Not all men, but too many men

CW: Sexual Assault

Walk fast and keep your head down. Avoid making eye contact but stay alert and aware of your surroundings. Don’t wear anything that could draw attention to you. Always be ready to scream if you feel threatened. At night, never walk home alone.

Are you a woman? Do you tend to leave your house at least a couple of times a month? If you answered yes to both those questions, then you’ve probably already had some version of the above said to you before. If not after the rape and murder of Sarah Everard, then certainly now, after the killing of Sabina Nessa.

For those of you unfamiliar with her story, Sabina was a 28-year old primary school teacher. On September 17th, during what should have been a five-minute walk from her home to the local pub, Sabina was killed as she walked through Cator Park in South-East London.

For me, it’s not the fact that a woman was killed that I find shocking. Currently in the UK, according to Femicide Census, one woman is killed by a man on average every three days. This, coupled with the still recent death of Sarah Everard in March, means I have long since lost the luxury of being surprised every time someone of my gender is either assaulted or killed.

Instead, it’s the circumstances surrounding Sabina’s death that illuminates a frightening truth. She was only steps away from her home and the safety of people in a nearby pub. It was barely 8:30pm, hardly what one would consider to be late at night. And though she was on her own, it was such a brief walk to where she was going that calling a taxi or a friend to take her there would have probably seemed too cumbersome to be worth the effort for such a short distance.
Sabina didn’t break any of the rules girls have drilled into them from the moment they start leaving the house without a parent to hold their hand. She did exactly as she was supposed to and yet, absolutely none of it proved capable of saving her. In other words, her death confirms that when a man is intent on harming a woman, there is very little they can do to keep themselves safe. This, more than anything, reveals that it’s high time we changed the conversation around this epidemic of gender-based violence.

At what point are we going to stop asking women to do more to stop men from attacking them? When will demanding that we cover up, only leave the house with an escort, not look men in the eyes, become too much to ask? Not only that, but what will come next? To the boy who groped at me during my first time clubbing, would you like me to apologise? Was the illicit combination of my t-shirt and jeans simply too much for you? Or to the man who leered at our Features Editor, Ellie, because she dared to go out for dinner with her parents: would it be easier for you if she simply stopped leaving the house at all? To the 50-year-old male who harassed every female co-worker he came into contact with at my job this summer, maybe we should stop women from working at all, if it’s proving too hard for you to handle?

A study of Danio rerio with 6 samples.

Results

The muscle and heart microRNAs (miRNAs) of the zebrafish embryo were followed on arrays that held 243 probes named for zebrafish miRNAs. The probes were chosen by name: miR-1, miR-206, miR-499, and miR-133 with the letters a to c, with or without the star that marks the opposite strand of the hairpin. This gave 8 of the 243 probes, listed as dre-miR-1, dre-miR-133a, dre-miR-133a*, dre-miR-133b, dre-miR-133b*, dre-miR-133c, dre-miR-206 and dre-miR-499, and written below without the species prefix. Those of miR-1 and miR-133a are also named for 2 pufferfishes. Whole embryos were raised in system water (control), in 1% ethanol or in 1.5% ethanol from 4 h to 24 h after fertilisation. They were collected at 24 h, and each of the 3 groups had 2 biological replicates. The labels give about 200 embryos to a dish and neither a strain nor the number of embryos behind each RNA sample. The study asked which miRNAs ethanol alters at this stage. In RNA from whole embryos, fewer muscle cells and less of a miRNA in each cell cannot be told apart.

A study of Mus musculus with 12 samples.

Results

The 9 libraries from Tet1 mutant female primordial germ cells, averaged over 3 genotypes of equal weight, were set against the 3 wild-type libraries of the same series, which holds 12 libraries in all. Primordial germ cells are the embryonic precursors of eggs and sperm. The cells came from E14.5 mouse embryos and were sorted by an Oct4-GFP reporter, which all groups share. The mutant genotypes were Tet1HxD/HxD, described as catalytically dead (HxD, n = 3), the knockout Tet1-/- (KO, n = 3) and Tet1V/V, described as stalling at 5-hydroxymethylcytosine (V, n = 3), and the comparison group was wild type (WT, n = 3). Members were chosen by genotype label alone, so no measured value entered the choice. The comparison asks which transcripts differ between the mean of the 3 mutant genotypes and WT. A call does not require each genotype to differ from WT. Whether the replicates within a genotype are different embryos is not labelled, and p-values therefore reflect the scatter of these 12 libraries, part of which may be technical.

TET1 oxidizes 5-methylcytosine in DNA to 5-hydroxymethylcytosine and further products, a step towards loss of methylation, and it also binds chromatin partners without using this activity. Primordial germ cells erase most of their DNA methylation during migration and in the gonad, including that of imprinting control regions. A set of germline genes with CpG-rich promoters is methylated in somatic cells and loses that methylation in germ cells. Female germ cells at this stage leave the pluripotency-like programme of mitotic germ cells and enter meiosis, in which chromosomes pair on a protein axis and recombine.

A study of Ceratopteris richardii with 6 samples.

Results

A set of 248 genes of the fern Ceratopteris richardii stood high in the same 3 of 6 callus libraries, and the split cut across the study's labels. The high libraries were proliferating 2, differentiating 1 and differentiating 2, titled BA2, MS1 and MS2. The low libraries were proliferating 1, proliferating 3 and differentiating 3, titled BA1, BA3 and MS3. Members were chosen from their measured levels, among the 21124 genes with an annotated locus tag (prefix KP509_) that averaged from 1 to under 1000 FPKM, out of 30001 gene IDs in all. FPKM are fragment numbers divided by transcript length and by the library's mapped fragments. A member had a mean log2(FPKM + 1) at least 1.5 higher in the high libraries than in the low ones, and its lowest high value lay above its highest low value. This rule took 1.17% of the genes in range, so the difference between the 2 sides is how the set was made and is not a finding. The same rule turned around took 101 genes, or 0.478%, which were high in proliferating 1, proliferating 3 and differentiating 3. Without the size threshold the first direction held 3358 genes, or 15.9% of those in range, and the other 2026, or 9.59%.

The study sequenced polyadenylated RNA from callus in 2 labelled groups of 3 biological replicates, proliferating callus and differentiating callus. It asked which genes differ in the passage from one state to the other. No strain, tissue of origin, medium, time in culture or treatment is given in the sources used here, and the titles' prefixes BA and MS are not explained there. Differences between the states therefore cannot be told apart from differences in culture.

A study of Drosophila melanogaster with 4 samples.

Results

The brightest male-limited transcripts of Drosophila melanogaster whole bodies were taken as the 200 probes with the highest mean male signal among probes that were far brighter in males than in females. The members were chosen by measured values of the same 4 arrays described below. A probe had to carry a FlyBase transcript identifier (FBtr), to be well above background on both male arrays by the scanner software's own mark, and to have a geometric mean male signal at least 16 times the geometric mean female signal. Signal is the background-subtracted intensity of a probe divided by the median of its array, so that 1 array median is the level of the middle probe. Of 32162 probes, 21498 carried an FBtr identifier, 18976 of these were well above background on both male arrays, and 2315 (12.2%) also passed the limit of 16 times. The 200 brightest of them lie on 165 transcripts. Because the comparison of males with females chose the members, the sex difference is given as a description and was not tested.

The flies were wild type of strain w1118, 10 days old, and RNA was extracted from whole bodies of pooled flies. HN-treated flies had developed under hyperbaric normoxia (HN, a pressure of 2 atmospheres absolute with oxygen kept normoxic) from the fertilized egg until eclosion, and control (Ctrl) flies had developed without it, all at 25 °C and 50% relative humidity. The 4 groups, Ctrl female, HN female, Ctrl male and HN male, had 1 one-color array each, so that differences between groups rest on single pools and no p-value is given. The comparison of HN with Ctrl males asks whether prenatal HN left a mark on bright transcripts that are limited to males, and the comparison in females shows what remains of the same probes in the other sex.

Perhaps you consider my fears far-fetched. Certainly, barely two weeks ago I would have said it was ridiculous to spend money getting a taxi to a location I could walk to in five minutes. Yet evidently, it wasn’t ridiculous enough for the man who murdered Sabina.

The fact is, for too long, the onus has been on women to make ourselves less visible in the face of misogyny, rather than demand the respect we are owed, not just in public where people can see, but at all hours of the day. Perhaps if we did, Sabina’s killer would have seen something other than an opportunity on September 17th.

Predictably, the outrage Sabina’s death has triggered (though not nearing the coverage Sarah Everard received) has led to a plethora of tweets and Instagram posts. Yet in all honesty, we are long past the point where an Instagram story that alternates between statistics of the number of women killed in the last year and explaining the meaning of the word ‘misogyny’ to the masses can be helpful. We know the numbers. In twenty-first century Britain, men comprehend enough to realise that misogyny is bad. Or why else would the men who killed Sarah and Sabina have committed their crimes at night, with no one to bear witness.

Men don’t continue to perform these acts because women haven’t done enough to protect themselves or shared enough #sayhername posts to their Instagram feeds. These crimes are committed because there is simply not enough pressure placed on our male counterparts to accord us with the basic level of respect we deserve. If we want change, we need to start demanding more action from the men in our lives, rather than expecting ourselves and our fellow women to live in a constant state of defence.

So, to my male friends, acquaintances and allies, I have only one thing left to ask: What are you going to do next in order to make us feel safe?

Image: Tim Dennell

By Georgie McNamara

After being Opinion Editor from January-August of 2021, Georgie was appointed Deputy Editor-in-Chief of The Student.